Disruptive, Impulse-Control, and Conduct Disorders I


Disruptive, Impulse-Control, and Conduct Disorders are a group of psychiatric disorders that can cause individuals to behave violently or aggressively toward other people, creatures, or property. They are characterized by impulsivity, failure to resist a temptation, urge, or impulse; or an inability to control emotions and behaviors. This can result in a lack of compliance with rules and instructions, violence, and/or trouble with the law. These disorders are identified by the presence of difficult, disruptive, defensive, aggressive, or antisocial behaviors, and frequently are associated with physical or verbal injury to the self, others, or objects, or with a violation of the rights of others. Behaviors that harm or endanger others, such as other children or animals, require urgent, immediate care.

A precise cause is unknown although common risk factors include a combination of genetic, environmental, emotional, and familial factors. These disorders tend to be first diagnosed in infancy, childhood, or adolescence and are more common in males than females. 

A lifetime prevalence for any of these disorders is estimated at 24.8 percent. Disruptive Behavior Disorders are the most frequent referral problems for the child and adolescent psychiatrists. They account for one-third to one-half of all cases seen in mental health clinics. Adult sociopathy is almost always preceded by a Disruptive, Impulse-Control, or Conduct Disorder in childhood. 

Approximately 40 percent of individuals diagnosed with a Conduct Disorder eventually meet the criteria for a diagnosis of Antisocial Disorder. An estimated 6.0 percent of children are affected by Oppositional Defiant Disorder or Conduct Disorder.

Disruptive, Impulse-Control, and Conduct Disorders, Part 1, presents information on four types of disorders, one type each day for four days. These are: 

Oppositional Defiant Disorder

Oppositional Defiant Disorder is a serious psychiatric disorder. It is characterized by three subtypes lasting or least six months. They are evidenced by at least four symptoms from any of the following three categories and exhibited during interaction with at least one individual who is not a sibling. 

Angry and/or Irritable Mood 

  • Often loses temper 
  • Often is touchy or easily annoyed 
  • Often is angry or resentful

Argumentative and/or Defiant Behavior 

  • Often arguing with authority figures, or in children/adolescents with adults 
  • Often actively defies/refuses to comply with rules/requests from authority figures 
  • Often deliberately annoys others 
  • Often blames others for his or her own mistakes or misbehavior 

Vindictiveness

  • Has been vindictive (spiteful, intending to cause anguish or hurt or get back at someone) at least twice within the past six months 
Conduct Childhood Disorder

Conduct Childhood Disorder is a behavioral, emotional, and psychiatric disorder that tends to begin in childhood, often during the pre-school years. It is believed that Conduct Childhood Disorder is a precursor to Antisocial Disorder. Conduct Childhood Disorder is characterized by repetitively exhibited disruptive and violent behavior. These children are more apt to have a continuous conduct disorder that develops into Adult Antisocial Disorder than individuals with Adolescent Onset. 

The symptoms usually meet the full criteria for Conduct Childhood Disorder before puberty. Children younger than age ten must have a minimum of one criterion in order to be diagnosed with the disorder:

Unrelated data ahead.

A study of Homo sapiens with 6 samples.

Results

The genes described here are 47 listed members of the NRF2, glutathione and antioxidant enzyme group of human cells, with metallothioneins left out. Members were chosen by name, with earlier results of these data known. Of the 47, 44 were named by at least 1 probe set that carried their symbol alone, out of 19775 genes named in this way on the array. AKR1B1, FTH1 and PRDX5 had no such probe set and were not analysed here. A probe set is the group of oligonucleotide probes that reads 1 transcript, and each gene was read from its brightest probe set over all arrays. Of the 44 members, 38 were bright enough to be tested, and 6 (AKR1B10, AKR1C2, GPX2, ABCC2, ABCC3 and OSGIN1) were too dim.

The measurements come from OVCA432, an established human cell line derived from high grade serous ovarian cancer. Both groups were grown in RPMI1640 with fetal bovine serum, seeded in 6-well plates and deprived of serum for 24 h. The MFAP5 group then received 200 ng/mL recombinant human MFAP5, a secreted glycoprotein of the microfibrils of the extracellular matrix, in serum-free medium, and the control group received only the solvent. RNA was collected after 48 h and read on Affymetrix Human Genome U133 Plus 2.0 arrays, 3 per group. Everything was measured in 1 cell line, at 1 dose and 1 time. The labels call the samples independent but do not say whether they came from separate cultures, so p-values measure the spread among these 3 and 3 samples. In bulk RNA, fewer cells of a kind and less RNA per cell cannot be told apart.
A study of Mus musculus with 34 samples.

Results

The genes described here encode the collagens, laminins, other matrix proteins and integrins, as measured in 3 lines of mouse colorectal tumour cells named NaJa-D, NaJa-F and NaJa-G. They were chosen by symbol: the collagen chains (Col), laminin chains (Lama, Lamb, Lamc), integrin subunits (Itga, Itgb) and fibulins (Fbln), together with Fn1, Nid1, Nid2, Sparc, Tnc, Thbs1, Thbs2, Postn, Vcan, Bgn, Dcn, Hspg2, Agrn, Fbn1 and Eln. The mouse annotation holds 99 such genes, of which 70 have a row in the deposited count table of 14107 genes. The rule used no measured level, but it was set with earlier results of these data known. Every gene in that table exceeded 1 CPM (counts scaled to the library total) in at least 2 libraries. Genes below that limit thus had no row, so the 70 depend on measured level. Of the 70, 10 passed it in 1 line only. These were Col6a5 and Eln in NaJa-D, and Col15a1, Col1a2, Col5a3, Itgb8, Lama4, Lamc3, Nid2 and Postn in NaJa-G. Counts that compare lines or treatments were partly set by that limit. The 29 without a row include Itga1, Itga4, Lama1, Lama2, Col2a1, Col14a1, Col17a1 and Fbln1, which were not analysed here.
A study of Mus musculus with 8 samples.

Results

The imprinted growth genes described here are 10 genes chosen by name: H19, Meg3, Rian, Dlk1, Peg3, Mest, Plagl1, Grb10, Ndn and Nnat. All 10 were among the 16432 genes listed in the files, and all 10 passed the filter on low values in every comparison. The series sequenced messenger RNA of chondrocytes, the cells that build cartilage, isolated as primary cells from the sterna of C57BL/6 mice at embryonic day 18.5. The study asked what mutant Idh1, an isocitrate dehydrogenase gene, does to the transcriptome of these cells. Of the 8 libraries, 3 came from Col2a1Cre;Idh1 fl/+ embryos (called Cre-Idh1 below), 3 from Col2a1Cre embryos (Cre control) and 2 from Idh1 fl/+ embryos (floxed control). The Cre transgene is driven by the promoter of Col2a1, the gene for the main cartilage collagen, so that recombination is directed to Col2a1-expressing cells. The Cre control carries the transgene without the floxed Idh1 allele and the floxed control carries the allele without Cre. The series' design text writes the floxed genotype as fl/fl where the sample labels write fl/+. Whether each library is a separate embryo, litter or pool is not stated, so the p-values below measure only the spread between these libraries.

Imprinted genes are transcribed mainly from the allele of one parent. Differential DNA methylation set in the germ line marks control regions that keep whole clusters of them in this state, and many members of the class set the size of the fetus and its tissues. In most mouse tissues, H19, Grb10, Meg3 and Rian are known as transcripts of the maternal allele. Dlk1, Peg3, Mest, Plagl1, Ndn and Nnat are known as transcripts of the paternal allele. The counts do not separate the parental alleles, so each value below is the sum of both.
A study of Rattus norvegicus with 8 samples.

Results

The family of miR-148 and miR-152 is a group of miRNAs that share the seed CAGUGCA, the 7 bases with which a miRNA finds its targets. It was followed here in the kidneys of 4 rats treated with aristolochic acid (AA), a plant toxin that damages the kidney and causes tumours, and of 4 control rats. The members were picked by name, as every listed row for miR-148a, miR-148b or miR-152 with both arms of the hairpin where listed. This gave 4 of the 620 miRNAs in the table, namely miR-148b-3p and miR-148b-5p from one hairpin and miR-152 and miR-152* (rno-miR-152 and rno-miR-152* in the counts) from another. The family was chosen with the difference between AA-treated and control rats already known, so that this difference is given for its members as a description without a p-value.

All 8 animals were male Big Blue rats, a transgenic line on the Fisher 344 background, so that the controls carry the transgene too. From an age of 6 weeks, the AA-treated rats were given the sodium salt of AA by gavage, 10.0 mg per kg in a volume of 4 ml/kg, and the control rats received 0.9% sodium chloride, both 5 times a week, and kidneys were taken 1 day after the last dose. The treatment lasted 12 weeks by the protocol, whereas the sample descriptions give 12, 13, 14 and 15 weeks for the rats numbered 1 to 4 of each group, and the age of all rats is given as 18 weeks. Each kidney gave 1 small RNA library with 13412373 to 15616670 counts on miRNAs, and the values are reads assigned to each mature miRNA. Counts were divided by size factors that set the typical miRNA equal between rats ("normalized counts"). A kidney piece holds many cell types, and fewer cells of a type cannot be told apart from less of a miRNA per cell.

• Show physical aggressiveness to others.
  • Have disturbed relationships with peers.
  • Had Oppositional Defiant Disorder when a youngster.
Conduct Adolescent Disorder

Conduct Adolescent Disorder, also commonly referred to as juvenile delinquency, is a behavioral, emotional, and psychiatric disorder that has its onset from middle childhood to mid-adolescence and usually diagnoses under the age of 18. It is characterized by the habitual violation of the rights of others, and a refusal to conform their behavior to the law or social norms appropriate for their chronological age. The adolescent may show a lack of remorse, guilt, or empathy, with mild, moderate, or severe levels of severity. Oppositional Defiant Disorder is a common premorbid condition. 

When compared to individuals with childhood-onset, the person with adolescent-onset is less likely to show aggressive behaviors. Adolescents usually exhibit more normal peer relationships, tend to show conduct problems while they are with others, and are less likely to have persistent Conduct Disorder or develop an adult Antisocial Disorder. Severity is defined as mild, moderate, or severe. 

Conduct Unspecified Disorder

A diagnosis of Conduct Unspecified Disorder may be assigned by the clinician when the exhibited behaviors resemble those of a Conduct Disorder in part but either do not meet the full definition or it is unknown when the symptoms first appeared. There may be no definite history that would point specifically to Conduct Childhood Disorder or Conduct Adolescent Disorder. 

Many of the symptoms found in Conduct Disorder show up in Conduct Unspecified Disorder but there may not be sufficient evidence to make a clear diagnosis.

It is more common and more frequently diagnosed in boys due to their tendency to act out violently. Girls tend to act out in interpersonal relationships such as social rejection of disliked peers, non-confrontation of a victim through malicious postings on a social networking site.

Who can apply for these mental health programs?

Individuals diagnosed with anxiety, PTSD, bipolar disorder, depression, or schizophrenia can apply for help. These mental health services are covered by Medicare and some healthcare insurance.

Contact us if you would like to receive more information about our mental health services.